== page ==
Successful Legacy Transfers Require Help

Most farm families benefit from a trusted, experienced advisor to facilitate the legacy planning process

A new study shows that almost two-thirds of parents and adult children are out of sync about when they should start talking about legacy planning, elder care planning and estate planning.

The 2014 Intra-Family Generational Finance Study from Fidelity Investments shows that both parents (61%) and adult children (57%) report that they are more comfortable talking to a financial advisor rather than to each other about these issues.

The study shows that parents prefer to delay the conversation until after retirement and the children are concerned about discussing these important issues before the parents retire or experience some health issue. This is where a commitment to legacy planning can help provide a structure to review all these issues as part of a family planning process before a crisis develops.

The study also shows that lack of communication creates some misunderstandings. For example:

• Adult children underestimate the value of the parent's estate by more than $300,000 on average;

• Adult children expect to provide care as the parents age. Nearly half of the adult children (43%) say they expect that they or a sibling will care for mom or dad when the time comes. But only 6% of parents expect the kids to provide their care; and

• More than half (56%) of adult children think their parents often worry about financial security, but only 23% of parents report this concern.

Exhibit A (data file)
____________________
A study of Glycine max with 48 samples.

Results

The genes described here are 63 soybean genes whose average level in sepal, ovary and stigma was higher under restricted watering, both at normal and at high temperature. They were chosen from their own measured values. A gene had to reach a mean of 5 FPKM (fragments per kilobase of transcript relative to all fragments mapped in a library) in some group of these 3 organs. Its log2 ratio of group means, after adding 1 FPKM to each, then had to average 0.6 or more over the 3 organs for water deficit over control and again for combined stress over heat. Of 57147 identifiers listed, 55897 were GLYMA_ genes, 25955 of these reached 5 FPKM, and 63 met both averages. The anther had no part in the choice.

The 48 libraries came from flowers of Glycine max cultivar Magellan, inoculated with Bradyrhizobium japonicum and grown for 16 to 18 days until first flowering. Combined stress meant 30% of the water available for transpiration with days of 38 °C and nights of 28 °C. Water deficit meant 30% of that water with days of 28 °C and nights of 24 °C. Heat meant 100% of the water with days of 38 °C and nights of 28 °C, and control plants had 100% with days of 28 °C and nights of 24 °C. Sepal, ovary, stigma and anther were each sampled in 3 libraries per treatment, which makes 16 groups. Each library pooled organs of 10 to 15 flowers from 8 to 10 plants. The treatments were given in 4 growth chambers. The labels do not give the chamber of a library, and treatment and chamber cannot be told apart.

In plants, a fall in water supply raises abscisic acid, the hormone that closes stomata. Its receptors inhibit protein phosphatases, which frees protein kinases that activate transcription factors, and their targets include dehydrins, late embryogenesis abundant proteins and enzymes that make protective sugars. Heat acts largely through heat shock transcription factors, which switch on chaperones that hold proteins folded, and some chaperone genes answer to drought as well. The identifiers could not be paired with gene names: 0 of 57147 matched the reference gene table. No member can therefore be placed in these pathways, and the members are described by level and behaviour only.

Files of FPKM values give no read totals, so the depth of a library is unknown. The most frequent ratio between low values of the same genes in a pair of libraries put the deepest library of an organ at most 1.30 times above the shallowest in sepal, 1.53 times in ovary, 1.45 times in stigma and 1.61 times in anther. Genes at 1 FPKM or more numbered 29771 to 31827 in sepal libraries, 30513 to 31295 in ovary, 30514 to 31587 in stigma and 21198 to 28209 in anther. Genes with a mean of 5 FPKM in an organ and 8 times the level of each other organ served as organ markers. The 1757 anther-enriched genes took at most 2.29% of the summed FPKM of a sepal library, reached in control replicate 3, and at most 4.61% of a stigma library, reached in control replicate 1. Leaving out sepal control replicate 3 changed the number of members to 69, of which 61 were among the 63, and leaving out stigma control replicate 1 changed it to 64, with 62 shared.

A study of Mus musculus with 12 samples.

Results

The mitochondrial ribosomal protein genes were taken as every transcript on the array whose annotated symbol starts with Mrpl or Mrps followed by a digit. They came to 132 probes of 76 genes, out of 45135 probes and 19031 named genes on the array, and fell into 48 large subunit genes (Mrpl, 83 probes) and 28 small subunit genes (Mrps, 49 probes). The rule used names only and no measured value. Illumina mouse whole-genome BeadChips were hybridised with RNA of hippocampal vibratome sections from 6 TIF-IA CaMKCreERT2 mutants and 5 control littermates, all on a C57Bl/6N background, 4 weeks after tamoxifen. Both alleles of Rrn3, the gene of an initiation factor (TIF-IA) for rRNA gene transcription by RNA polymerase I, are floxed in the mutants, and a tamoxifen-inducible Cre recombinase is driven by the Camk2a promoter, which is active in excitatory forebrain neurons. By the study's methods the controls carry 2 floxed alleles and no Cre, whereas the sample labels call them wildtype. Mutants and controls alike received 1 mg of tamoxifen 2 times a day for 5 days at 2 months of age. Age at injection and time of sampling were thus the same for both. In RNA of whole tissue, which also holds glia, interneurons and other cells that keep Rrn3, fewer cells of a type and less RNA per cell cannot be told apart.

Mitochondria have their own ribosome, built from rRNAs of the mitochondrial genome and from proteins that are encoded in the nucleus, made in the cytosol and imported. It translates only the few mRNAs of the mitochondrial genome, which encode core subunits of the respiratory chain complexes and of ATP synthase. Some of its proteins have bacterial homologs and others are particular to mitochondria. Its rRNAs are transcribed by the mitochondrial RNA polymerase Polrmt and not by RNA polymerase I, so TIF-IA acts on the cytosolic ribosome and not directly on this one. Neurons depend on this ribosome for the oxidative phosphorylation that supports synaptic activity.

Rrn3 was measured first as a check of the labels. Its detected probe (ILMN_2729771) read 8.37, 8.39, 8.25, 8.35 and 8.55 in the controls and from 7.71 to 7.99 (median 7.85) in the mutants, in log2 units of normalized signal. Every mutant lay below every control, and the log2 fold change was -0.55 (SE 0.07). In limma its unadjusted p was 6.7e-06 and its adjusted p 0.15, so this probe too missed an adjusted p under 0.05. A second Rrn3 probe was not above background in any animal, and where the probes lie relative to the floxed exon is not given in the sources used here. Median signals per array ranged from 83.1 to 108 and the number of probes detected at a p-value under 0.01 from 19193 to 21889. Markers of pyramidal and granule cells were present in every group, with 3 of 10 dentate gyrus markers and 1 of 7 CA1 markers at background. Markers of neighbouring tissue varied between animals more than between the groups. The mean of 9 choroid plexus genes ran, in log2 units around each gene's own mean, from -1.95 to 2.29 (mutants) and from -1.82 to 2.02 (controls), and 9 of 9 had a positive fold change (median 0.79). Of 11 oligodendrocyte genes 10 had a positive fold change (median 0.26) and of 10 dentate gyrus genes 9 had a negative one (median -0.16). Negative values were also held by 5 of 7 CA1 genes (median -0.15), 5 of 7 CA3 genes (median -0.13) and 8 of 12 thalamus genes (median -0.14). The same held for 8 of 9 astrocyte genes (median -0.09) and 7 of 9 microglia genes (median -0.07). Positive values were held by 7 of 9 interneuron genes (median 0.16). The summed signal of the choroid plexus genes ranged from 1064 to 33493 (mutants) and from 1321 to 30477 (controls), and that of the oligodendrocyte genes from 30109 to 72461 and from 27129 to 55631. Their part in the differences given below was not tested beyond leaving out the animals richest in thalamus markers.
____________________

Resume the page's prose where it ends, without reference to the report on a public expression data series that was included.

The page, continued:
An important part of the legacy planning process is planning for income for mother and dad as they age and can no longer participate in the family business and ultimately the cost of long-term health care, should they need it. These can be significant challenges and parents and children don't see them alike.

Many parents don't talk in detail about how they will meet living expenses during retirement. While 60% report a detailed conversation with their family but 15% report no conversation at all.

They are no more talkative about health care and elder care expenses, with 57% of parents indicating a detailed conversation with family and another 20% report no conversation at all.

Most families talk about wills and estate plans but nearly a third failed to have a detailed conversation and 10% have had NO conversation at all on the subject.

The entire subject is difficult for the entire family. Nobody wants to face aging or mortality. The kids often are worried about seeming to be greedy for an inheritance. There is often a lot of baggage around these conversations.

This is where the trusted advisor can play a role.

For more estate planning ideas, see Your Most Important Estate Planning Questions, Part I and Part II

The opinions of Rich Dunn are not necessarily those of Farm Futures or the Penton Farm Progress Group.